Wed May 24, 2017 10:12AM
Iran’s Petroleum Minister Bijan Zanganeh says he does not expect the Organization of the Petroleum Exporting Countries (OPEC) to call on the Islamic Republic to reduce its oil production when it meets to discuss extending an oil output deal tomorrow.
Iran’s Petroleum Minister Bijan Zanganeh says he does not expect the Organization of the Petroleum Exporting Countries (OPEC) to call on the Islamic Republic to reduce its oil production when it meets to discuss extending an oil output deal tomorrow.

Iran’s Petroleum Minister Bijan Zanganeh says he does not expect the Organization of the Petroleum Exporting Countries (OPEC) to call on the Islamic Republic to reduce its oil production when it meets to discuss extending an oil output deal tomorrow. 

Asked about whether Iran would be required to decrease its oil production during the OPEC meeting in Vienna, Zanganeh told reporters: “That’s not the case.”

He said extending the output cut would be the key topic for discussions in Vienna, adding that no change was expected in production cuts that were agreed by producers through an agreement last year.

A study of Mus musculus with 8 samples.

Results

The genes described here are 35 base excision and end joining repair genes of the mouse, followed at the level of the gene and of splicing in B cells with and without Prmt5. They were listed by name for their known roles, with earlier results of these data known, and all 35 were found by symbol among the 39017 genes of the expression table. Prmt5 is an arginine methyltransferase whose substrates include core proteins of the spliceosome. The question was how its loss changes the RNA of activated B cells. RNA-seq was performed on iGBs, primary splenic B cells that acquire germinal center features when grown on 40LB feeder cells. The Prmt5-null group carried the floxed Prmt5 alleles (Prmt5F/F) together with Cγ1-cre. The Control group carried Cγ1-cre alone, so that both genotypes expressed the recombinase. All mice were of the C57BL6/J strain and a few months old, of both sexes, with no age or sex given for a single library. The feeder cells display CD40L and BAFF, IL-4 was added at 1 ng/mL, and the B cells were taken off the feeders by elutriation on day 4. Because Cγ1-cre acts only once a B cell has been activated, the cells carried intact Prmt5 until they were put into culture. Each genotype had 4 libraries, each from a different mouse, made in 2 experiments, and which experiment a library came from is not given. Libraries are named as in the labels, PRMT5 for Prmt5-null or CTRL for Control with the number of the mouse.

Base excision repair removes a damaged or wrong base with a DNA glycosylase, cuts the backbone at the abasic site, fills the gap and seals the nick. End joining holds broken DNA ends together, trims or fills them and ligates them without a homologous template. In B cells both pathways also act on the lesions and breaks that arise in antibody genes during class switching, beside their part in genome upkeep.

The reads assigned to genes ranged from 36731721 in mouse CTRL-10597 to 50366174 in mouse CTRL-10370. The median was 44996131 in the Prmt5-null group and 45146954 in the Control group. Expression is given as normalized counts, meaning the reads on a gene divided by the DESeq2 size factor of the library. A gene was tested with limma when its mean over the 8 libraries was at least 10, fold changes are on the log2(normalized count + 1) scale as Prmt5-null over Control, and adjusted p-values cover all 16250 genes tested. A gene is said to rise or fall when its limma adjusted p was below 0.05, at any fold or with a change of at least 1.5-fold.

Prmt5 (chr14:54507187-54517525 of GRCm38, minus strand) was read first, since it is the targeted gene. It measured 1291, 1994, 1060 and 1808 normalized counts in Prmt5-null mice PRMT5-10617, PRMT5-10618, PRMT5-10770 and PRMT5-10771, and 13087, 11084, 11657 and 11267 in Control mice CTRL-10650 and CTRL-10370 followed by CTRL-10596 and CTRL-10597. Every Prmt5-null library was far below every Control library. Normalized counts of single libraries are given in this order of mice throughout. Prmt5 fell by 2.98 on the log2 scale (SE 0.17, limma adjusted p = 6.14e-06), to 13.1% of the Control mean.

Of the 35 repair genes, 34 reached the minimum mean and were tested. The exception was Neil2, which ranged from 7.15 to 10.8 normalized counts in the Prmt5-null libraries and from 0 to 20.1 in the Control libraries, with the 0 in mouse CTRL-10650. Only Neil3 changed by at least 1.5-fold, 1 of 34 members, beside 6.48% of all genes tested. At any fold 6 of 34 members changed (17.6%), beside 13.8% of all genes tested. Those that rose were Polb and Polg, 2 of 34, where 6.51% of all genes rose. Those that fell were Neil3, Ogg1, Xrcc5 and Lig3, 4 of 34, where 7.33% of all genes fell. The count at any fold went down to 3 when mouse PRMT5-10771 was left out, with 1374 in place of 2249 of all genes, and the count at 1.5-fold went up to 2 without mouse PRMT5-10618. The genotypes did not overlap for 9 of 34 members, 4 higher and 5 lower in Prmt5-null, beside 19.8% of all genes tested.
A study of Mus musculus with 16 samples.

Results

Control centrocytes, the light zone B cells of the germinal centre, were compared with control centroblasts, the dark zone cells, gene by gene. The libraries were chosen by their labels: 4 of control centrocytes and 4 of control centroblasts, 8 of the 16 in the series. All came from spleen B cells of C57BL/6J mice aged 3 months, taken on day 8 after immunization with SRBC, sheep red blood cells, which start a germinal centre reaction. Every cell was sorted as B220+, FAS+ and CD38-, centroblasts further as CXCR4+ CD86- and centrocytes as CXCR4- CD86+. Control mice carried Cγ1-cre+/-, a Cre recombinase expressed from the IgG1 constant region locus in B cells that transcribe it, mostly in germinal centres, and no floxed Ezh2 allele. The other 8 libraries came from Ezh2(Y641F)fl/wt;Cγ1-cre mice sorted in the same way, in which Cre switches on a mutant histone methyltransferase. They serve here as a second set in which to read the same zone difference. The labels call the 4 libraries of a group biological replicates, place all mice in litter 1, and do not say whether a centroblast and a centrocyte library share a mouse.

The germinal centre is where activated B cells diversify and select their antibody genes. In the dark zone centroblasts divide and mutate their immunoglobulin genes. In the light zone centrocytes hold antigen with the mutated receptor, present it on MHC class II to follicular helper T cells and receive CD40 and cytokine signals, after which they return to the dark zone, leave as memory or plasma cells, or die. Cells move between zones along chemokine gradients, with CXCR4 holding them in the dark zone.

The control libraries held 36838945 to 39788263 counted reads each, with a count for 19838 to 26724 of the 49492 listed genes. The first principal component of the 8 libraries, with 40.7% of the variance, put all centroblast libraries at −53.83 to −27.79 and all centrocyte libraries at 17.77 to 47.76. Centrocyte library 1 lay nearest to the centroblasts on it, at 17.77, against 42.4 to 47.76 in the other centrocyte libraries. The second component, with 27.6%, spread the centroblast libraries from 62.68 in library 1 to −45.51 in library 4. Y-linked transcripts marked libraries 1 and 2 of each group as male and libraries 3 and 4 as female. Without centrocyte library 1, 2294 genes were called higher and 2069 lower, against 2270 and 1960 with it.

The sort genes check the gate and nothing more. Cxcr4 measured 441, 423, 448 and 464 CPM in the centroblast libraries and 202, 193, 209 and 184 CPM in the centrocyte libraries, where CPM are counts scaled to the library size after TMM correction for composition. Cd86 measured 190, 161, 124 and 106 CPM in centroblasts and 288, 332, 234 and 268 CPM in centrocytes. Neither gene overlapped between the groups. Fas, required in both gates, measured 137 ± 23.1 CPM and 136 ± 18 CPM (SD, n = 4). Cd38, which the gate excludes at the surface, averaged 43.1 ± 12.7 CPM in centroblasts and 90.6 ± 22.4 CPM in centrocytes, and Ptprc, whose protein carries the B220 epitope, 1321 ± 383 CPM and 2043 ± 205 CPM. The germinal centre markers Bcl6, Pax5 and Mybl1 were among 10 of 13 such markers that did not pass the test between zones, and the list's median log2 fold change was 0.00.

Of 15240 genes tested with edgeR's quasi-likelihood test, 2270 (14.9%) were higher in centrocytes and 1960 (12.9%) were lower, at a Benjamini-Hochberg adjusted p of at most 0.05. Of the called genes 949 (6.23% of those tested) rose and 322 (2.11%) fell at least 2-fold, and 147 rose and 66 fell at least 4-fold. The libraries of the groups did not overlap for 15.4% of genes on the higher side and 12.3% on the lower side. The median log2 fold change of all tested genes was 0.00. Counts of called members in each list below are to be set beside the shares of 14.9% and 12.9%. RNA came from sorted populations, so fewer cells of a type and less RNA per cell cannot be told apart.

Zanganeh further emphasized that a consensus had already been reached by OPEC and non-OPEC producers to extend the cuts, stressing that an agreement which was reached on the same front last year could be extended by six or even nine months.

Elsewhere in his remarks, the Iranian minister rejected speculations that Saudi Arabia might try to undermine the output cut agreement. He emphasized that Riyadh wanted oil prices to rise.

OPEC clinched a historic deal with Russia and other non-members last December to slash global production by nearly 1.8 million barrels per day (bpd) for six months starting January.

OPEC – in what was its first production deal in eight years - exempted key member Iran from cutting output, allowing the country to increase its crude production by 90,000 bpd to reach the pre-sanction output production level of around four million bpd.

Nigeria and Libya were also exempted from the planned output cut due to internal conflicts which have already decreased their crude production.

Iran’s current oil production is believed to be close to four million bpd with some sources saying the country is producing under its nominal capacity to comply with the deal between OPEC and non-OPEC producers.